On the Barack Bus to Indiana from Chicago's West Side
By Kari Lydersen
INDIANAPOLIS -- Race was very much on the minds of the mostly African American group that piled onto a West Side bus in Chicago Saturday morning to campaign for Sen. Barack Obama in Indianapolis three days before the state's Democratic presidential primary. So, too, was history.
"When I was growing up, they said coffee would make you black, so I didn't drink it, I drank tea," Chicago congressman Danny Davis, who organized the trip, told the busload of volunteers when they stopped for a coffee break. "That was before James Brown said, 'I'm black and I'm proud.'"
For many of the volunteers in the diverse group, which spanned the age and socioeconomic spectrums, it was their first time getting involved in politics -- something they were drawn to in hopes of electing the country's first black president.
"We want someone sympathetic to us on issues like police brutality," explained Dalton Brown, 34, founder of a nonprofit organization called Felony Free Society. "Cops are always trying to plant dope on us, things like the Sean Bell shooting are happening all the time. Like Michelle [Obama] always says, we just want to live our American dream."
Such messages resonated with African Americans the campaigners encountered in Indianapolis, who almost unanimously supported Obama. Ada Lanier, 77, was approached by the Chicago volunteers at a McDonald's. She just happened to be carrying a spiral notebook she had turned into a scrapbook of Campaign Trail Wardrobe selections for Michelle Obama. She gave the notebook to Chicago campaigners to deliver to the senator's wife, along with the lyrics of her version of a Bobby Womack song dedicated to Obama, admonishing him to stay strong "when your foes far and wide are ripping at your hide."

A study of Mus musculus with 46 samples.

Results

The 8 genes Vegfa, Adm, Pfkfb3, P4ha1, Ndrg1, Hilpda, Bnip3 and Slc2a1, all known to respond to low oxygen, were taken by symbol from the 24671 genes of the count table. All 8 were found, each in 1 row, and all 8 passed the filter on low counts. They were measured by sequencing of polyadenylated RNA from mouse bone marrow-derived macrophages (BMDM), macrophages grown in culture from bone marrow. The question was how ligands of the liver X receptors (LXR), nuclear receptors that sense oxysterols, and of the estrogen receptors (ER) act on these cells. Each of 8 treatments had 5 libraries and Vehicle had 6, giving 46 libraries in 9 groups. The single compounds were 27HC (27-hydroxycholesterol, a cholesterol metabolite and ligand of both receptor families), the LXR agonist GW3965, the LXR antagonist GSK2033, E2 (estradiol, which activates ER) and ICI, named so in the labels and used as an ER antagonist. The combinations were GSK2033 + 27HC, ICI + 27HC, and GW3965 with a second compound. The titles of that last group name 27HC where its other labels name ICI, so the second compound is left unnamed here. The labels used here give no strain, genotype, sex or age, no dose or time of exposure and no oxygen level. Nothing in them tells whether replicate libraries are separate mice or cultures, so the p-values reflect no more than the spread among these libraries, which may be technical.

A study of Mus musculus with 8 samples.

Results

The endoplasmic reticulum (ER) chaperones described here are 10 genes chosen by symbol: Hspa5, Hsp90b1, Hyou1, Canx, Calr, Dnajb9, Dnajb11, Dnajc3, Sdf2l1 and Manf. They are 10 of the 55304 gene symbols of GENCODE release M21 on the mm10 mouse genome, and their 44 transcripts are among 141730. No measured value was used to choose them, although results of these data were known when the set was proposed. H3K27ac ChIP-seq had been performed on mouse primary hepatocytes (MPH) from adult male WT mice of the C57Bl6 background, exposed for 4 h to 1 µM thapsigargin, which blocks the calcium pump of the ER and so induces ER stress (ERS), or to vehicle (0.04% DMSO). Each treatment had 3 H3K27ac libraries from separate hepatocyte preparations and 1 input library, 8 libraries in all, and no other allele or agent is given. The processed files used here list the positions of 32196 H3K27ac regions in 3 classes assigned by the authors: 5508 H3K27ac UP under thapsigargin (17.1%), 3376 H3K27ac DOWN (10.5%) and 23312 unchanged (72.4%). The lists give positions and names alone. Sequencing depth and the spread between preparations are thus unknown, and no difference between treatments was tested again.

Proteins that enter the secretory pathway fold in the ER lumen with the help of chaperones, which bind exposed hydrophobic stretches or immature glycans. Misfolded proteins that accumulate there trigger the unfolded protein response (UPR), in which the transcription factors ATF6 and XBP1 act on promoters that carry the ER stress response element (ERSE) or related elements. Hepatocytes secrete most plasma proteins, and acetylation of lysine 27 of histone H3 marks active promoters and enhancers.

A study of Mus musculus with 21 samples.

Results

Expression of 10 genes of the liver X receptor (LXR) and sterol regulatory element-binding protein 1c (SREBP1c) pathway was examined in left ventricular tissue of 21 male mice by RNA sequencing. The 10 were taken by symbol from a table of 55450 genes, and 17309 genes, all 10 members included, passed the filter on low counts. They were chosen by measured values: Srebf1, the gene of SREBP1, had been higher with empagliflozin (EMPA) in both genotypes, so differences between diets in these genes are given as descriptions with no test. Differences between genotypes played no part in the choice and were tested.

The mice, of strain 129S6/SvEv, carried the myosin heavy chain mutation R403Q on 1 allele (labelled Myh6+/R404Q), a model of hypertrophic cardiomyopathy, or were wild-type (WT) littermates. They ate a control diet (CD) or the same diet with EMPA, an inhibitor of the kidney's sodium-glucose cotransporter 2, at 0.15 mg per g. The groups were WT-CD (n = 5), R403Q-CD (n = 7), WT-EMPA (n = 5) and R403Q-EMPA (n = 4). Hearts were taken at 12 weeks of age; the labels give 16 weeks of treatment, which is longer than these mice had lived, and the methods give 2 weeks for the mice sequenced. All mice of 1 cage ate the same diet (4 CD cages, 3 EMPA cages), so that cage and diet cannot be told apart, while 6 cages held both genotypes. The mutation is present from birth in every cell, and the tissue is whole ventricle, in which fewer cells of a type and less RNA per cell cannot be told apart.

Inside the notebook, the pages were filled with images clipped from magazines of dresses, swimsuits and other outfits for Michelle, including evening wear for "quiet time with Mr. O." The skin of a white model's arm visible in one cutout had been colored black with marker.
Clayton Boyd, assistant to Davis, used racial solidarity as his pitch for residents of the Butler Tarkington neighborhood, a middle-class enclave visibly impacted by the foreclosure crisis, scattered liberally with vacant homes and overgrown yards. Obama campaign mailers peeked out of overstuffed mailboxes at several abandoned homes.
"We've got to do our part; we're only 12 percent of the population," Boyd called to several young men. "Fill up your car with voters on Election Day. And charge the gas to Obama."
Resident Norvell Young, a 34-year-old worker at a nearby Ford Motors plant, didn't need to be convinced.
"He's really genuine, he understands the middle class, the needs of people making less than $25,000," said Young. "You can relate to someone like him who worked their way up to where they are."
Some Obama supporters feared racism would hurt Obama in the Hoosier state. One woman in McDonald's worried he would be assassinated; Davis's sister Ceola Barnes told her not to even speak those words.
"Indiana is not what you would call a non-racial state, and Indianapolis is not what you would call a non-racial city," said Marsha Conley, a 39-year-old registered nurse, trimming her tree as she lamented that a local radio personality is urging Republicans to vote for Clinton to prevent an Obama candidacy.
With Rev. Jeremiah Wright's inflammatory remarks still fresh in the ears of Chicagoans, most of the campaigners said they understood Wright's viewpoint but feared the controversy will harm Obama.
"Obama's main crusade has always been uniting people, and now Reverand Wright has endangered that dream," said Robbie Smith, who hosts a cable TV show highlighting positive stories in the black community. "A lot of people want to find an excuse not to vote for Obama, to say, 'I told you so.'"
Davis compared Obama's style to that of his own father, who he said once spent the night locked in an Arkansas plantation general store because he refused to be underpaid for the cotton he had picked that year.
"He said he wasn't going home without his money, so he stayed in the store," said Davis. He said his father was finally paid $1,600 for the cotton, four times more than he was originally promised. "My father wasn't a militant, he was simply a person willing to stand up for what he believed in."
"I'm not just voting for Barack, I'm voting for a concept," said Davis. "I'm voting for Nat Turner, for Harriet Tubman, for Denmark Vesey and for my mother, who believed troubles won't always be."